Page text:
Pitchfork album reviews, with their concrete ratings, have long been a focus of disagreement between music fans. It’s nigh impossible to achieve a perfect 10 album, so any artist is already starting with a handicap attached when you’re giving a piece of subjective music a discreet grading, and Pitchfork editors are — though, credit where credit is due, experts at their craft — sometimes a bit fussy.
That being said, no one is immune to the passage of time, and the publication released a list of 19 albums yesterday whose scores they would change “if we could.”
Among them are two Daft Punk albums: their sophomore album, Discovery, and their fourth album, Random Access Memories.
It’s hard to imagine that when Discovery came out in 2001, Pitchfork scored it a meager 6.4. (Homework wasn’t scored until 2018 for their weekly retrospective series upon which it received a 9.2.) However, over time, Discovery has become such an important, critical piece of not only Daft Punk’s history, but electronic music as a whole. Therefore, the score has been amended to a perfect 10.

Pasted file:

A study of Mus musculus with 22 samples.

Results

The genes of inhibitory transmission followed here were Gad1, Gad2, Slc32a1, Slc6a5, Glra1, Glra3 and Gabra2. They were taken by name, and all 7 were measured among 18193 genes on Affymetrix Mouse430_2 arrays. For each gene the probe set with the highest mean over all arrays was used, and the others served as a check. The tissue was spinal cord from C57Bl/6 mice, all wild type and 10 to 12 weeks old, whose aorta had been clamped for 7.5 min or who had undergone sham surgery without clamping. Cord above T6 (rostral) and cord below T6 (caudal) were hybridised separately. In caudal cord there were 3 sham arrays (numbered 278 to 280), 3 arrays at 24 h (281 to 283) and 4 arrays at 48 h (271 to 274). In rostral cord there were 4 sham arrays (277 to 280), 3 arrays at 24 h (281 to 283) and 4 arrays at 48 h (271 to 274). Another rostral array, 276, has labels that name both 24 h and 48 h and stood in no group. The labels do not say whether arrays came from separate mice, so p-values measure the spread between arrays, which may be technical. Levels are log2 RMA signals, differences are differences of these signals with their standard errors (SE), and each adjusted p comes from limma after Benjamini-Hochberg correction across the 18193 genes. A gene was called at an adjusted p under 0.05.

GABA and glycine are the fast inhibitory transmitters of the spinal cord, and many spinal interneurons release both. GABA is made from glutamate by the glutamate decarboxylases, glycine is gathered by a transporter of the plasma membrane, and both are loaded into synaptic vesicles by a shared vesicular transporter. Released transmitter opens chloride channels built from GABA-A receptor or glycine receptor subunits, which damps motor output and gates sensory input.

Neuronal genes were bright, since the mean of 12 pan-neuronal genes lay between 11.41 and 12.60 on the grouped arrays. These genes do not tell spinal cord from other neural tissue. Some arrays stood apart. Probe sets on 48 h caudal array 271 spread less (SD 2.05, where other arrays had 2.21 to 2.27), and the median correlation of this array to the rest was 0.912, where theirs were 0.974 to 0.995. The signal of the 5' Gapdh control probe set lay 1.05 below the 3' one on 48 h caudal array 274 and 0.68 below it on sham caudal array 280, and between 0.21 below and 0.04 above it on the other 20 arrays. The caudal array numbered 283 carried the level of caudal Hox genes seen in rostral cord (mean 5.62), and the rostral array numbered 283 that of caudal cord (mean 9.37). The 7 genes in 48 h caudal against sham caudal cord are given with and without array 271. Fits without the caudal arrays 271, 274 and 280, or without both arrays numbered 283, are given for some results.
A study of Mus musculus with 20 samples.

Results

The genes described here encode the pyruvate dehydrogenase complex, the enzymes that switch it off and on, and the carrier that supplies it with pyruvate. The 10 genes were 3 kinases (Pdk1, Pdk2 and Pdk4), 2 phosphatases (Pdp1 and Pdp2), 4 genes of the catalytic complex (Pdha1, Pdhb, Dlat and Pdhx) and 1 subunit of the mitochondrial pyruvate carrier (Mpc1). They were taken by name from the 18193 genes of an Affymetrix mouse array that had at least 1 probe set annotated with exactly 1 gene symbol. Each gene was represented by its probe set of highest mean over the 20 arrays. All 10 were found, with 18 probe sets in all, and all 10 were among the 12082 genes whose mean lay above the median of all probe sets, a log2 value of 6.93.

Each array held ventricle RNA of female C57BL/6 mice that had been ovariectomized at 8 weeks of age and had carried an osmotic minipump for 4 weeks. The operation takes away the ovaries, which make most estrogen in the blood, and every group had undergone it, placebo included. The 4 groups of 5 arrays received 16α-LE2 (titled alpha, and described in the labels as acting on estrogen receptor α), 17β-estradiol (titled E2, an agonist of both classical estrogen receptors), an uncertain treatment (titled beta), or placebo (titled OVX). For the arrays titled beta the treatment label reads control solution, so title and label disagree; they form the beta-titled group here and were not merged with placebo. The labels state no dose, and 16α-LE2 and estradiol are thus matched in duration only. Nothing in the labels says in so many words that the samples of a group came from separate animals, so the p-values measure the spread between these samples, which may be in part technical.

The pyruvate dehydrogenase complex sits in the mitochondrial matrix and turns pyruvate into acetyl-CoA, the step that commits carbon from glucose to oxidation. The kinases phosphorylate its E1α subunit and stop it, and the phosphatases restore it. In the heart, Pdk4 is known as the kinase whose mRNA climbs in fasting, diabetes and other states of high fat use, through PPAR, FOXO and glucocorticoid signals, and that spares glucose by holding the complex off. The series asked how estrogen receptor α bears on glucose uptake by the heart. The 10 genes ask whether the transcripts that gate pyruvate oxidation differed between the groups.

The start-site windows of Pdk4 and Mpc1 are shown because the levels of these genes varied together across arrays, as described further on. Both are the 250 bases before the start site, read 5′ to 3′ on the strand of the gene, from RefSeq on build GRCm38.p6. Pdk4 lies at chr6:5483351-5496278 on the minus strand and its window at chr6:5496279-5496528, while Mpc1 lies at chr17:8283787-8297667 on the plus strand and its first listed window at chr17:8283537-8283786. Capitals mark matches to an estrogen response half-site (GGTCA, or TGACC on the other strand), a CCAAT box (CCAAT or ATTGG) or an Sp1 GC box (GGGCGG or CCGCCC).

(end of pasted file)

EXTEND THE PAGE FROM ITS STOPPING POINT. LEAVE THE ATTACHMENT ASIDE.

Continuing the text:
“[…] if scores are meant to indicate a work’s longevity or impact, the original review is invalidated by the historic record. Daft Punk’s second album, Discovery, is the centerpiece of their career, an album that transcended the robots’ club roots and rippled through the decades that followed. Amending this scoring error is all too easy.”
On the other hand, Random Access Memories received a 8.8 upon its initial review when it came out in 2013. Often a point of contention among Daft Punk fans themselves, the album was a far departure from their previous three albums, bringing in more live instrument elements and more vocalists, changing much of what made the French duo so iconic for much of the previous two decades. Many fans loved the new direction, while others weren’t so enamored. The latter have come out on top, over time, however, as the album was downgraded to a 6.8.
“It’s not that people aren’t listening to it; the album has racked up nearly 1.5 billion plays on Spotify alone. RAM has some jams, but it doesn’t feel pivotal in the same way that Discovery did. It didn’t push pop music forward; it merely opened the door for countless Moroder cameos and convinced Pharrell that what the world really needed was a 24-hour ‘Happy’ video.”
You can read the full list of revisions on Pitchfork here.